By Shawn Miller, Avoid the Abyss
I had to read twice the following lede in a New York Times story ("Obama Is Considering Strategy Shift in Afghan War" by Peter Baker and Elisabeth Bumiller). After the second read, I was annoyed.
"President Obama is exploring alternatives to a major troop increase in Afghanistan, including a plan advocated by Vice President Joseph R. Biden Jr. to scale back American forces and focus more on rooting out Al Qaeda there and in Pakistan, officials said Tuesday."
What tripped me up was the reference to "Vice President Joseph R. Biden Jr." Joseph R. Biden Jr.? They mean Joe Biden, right? The former Senator from Delaware with a penchant for putting his foot in his mouth?
Then why not just say, Vice President Joe Biden? Or even -- as the Washington Post does -- Vice President Biden? After all, in the same lede, the Times refers to the leader of our nation simply as President Obama.
It's because the New York Times is precious and has its own style, which annoys me.
Style in newspaper parlance just means convention; it has nothing to do with elegant writing. So, for instance, Associated Press style dictates that numbers are written out from one through nine, but become figures when they reach 10. E.g., The robber stole three cars, drank 11 sodas and mugged six 8-year-olds. (Notice that it's 8-year-olds and not eight-year-olds -- ages are always figures.)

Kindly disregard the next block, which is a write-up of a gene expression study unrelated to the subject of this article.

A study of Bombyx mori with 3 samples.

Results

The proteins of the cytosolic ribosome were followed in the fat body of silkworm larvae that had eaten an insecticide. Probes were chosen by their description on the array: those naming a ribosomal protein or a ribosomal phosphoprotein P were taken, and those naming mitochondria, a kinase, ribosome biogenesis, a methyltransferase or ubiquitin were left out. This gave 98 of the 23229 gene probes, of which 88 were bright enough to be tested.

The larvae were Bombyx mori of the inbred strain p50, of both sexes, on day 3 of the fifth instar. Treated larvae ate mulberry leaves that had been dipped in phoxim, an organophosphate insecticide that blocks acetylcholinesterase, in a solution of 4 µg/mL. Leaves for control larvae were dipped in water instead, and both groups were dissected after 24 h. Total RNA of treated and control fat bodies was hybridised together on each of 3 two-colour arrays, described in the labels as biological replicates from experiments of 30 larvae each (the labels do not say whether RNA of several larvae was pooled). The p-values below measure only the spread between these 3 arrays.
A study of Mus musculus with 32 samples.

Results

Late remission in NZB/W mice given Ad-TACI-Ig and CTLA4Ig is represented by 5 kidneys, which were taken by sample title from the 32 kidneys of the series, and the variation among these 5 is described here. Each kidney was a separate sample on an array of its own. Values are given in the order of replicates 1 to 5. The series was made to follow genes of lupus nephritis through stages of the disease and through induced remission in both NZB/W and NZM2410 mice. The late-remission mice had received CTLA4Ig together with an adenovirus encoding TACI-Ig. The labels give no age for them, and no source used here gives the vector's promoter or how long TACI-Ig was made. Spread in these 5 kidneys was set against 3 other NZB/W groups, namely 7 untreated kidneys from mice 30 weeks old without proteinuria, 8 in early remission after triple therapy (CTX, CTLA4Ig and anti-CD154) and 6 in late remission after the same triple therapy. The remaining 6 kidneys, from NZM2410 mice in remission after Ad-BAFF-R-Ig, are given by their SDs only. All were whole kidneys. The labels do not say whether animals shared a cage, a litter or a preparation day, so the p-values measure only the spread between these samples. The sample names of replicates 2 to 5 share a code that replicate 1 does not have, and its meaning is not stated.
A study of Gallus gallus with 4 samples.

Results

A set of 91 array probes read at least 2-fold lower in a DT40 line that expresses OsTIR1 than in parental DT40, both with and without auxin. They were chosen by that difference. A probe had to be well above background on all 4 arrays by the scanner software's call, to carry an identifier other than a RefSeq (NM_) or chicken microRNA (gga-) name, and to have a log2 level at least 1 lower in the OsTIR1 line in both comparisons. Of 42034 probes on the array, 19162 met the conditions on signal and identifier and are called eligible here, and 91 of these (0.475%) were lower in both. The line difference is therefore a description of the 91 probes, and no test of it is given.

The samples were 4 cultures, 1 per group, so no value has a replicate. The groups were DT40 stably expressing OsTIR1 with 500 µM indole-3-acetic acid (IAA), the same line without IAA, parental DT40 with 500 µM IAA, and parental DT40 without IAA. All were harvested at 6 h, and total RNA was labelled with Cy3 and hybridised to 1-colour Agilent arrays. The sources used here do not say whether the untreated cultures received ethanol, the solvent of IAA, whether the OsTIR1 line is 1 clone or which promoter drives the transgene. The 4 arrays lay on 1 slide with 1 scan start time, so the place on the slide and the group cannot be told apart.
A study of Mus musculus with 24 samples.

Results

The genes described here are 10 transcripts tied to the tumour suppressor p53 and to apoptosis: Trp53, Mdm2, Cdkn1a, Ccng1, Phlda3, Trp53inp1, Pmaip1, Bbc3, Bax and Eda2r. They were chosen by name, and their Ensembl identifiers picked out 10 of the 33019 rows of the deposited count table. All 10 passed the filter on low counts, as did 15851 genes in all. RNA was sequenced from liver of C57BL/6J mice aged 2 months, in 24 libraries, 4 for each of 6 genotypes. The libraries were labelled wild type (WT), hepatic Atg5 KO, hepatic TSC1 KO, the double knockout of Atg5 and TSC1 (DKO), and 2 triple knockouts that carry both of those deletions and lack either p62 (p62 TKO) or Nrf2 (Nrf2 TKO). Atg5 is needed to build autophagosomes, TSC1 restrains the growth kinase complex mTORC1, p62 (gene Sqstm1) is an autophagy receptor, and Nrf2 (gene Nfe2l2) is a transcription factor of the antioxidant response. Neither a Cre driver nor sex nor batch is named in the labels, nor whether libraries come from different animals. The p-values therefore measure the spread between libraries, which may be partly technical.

Style then is just a way to impose a uniformity of presentation upon writing on a wide-range of topics that you find in a general interest newspaper. There's nothing magical or special about style and it can be idiosyncratic and wrong-looking (like the AP's preference for OK rather than okay) and, for copy editors, hard to keep track of. But it serves a purpose.
But the New York Times -- the Gray Lady -- follows its own style. Indeed, it has its own style book, which doesn't actually make it unique; so does the Washington Post and lots of other papers. In fact, the DR has its own style book, but it is small -- more of a booklet -- and works as a supplement to the AP guide.
"Vice President Joseph R. Biden Jr." typifies what is wrong with the Times' style: it's precious, different (it seems to me) for the sake of being different and, above all, pretentious.
No one calls Joe Biden anything other than Joe Biden . . . except the Times, which feels the need to dress him up with a full first name, a middle initial and a "jr." for good measure because, I guess, it's more formal or genteel or debonair or something.
For one thing, the purpose of style generally is uniformity and if the Times' style deviates from accepted use for no good reason, it becomes a hindrance to readers who, like me, are forced to reread otherwise perfectly sensible ledes because a "jr." is inexplicably tacked on to the last name of our vice president.
For another thing, the New York Times is just a newspaper. It's not a novel, it's not a work of art. It's printed, like all other newspapers, on cheap paper and sells for pocket change. It is meant to be thrown away after it's read -- in all likelihood on the same day it was created.
So let's not get too full of ourselves, OK?